Rev. Fr. Joseph Koterski, SJ

Reading St. Paul's letter to the Romans - continued

1st Part continued: The Background: The Covenant

There is good reason to take the fourth covenant mentioned in the Old Testament, the one that God makes with Moses, as the paradigmatic case, if only for the extensive way in which it is recorded in Exodus and Deuteronomy. As we will see below, the very structure of the letter to the Romans reflects some of the structure of the Mosaic covenant.
As scholars have often noted,2 the form that the bible uses to describe this covenant recapitulates the standard structure found in suzerainty treaties between a lord and his vassals in the ancient Near East: an identification of the parties to the treaty, a recitation of the history of the relationship between these parties, a formal statement of the stipulations that will govern the relationship, the benefits that will come from observance of the treaty, the consequences that will follow from its violation, and the oaths sworn before some higher authority.
In both Exodus (20: 1-17) and Deuteronomy (5:1-21) the basic pattern typical of such suzerainty treaties is used for recording the enactment of the Mosaic covenant, except for the final part. There is, after all, no higher authority than God before whom the Lord could possibly swear. What we do find are clear statements about the parties (the Lord and Israel), a rehearsal of their relationship (with an emphasis on the deliverance from servitude in Egypt), the stipulations (the ten commandments), the benefits ( the blessings that will follow to the thousandth generation for those who keep the commandments), and the consequences (the burdens that will afflict the children of those who sin).

The third of the covenants made with Israel and the fifth of those mentioned in the Old Testament is the one made with David (2 Samuel 7: 1-17). It comes when God had already acceded to the plea of His people to have Saul for their king and when Saul’s successor, David, could finally rest from his enemies. In response to David’s plan to build a temple to house the ark of God, the Lord revealed a message for David through the prophet Nathan that his successor (Solomon) would build the temple but that He would secure the kingdom by forever ensuring that a descendant of David would reign upon the throne (e.g., Ps 18:2).

Just as sinfulness broke the original covenant and led to God’s gracious enactment of a covenant with Noah, so too persistent sinfulness brought about the consequences for violation of the covenants that God had made with Abraham, Moses, and David.   After the division of the monarchy into the northern kingdom of Israel and the southern kingdom of Judah, many of the kings proved sinful and rebellious against the Lord. The Assyrian invasion in 721 B.C. ended the royal line in Israel and the Babylonian captivity that began in 587/586 B.C. brought its end for Judah.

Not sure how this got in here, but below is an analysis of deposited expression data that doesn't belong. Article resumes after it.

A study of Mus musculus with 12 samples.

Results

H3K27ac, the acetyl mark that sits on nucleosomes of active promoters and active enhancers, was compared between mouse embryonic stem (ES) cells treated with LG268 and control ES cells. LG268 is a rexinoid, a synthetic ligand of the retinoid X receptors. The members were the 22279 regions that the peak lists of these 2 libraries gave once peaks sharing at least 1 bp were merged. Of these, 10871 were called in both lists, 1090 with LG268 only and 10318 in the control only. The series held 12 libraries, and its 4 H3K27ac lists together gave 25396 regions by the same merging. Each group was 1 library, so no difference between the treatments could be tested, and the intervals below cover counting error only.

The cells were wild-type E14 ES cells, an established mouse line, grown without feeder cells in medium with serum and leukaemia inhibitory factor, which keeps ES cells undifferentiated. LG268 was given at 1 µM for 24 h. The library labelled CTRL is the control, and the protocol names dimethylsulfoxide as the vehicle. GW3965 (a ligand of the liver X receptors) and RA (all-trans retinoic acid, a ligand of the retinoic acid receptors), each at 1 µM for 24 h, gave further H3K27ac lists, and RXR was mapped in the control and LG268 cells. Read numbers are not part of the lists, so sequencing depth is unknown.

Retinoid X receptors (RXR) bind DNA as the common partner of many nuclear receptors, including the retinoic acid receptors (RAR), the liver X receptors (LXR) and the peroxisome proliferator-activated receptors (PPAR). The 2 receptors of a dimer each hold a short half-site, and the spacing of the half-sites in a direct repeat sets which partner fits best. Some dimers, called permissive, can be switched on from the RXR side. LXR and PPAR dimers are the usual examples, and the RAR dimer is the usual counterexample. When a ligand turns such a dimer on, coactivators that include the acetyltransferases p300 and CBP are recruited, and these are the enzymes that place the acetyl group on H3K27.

The Lord, however, remained faithful to what His covenants. In accord with the promises of a new covenant that He issued with Isaiah (e.g., 54:10) and Jeremiah (31: 31-34), God sent His Eternal Son to become incarnate of the Virgin Mary: Jesus Christ. The genealogies of Matthew (1: 1-17) and Luke (3:23-38) make a point of showing the place of David in the ancestors of Joseph, the foster-father of Jesus. Anointed the Messiah, Jesus does the royal deed of dying for the redemption of His people and of all humanity, and thus enacts the promise associated with the throne of David, a promise that had long been thought to have been forgotten when the line of kings was broken at the time of the Babylonian captivity.3   It is with a prominent reference to David that St. Paul’s letter to the Romans begins (1:3).

2 For instance, Richard J. Clifford, S.J., Deuteronomy, with an excursus on covenant and law (Wilmington DE: Michael Glazier, 1982).
3 See my “Carpaccio’s Mysterious Painting,” Fellowship of Catholic Scholars Quarterly 38/ 3-4 (Fall/Winter 2015): 5-10.

To read the first part, please click here.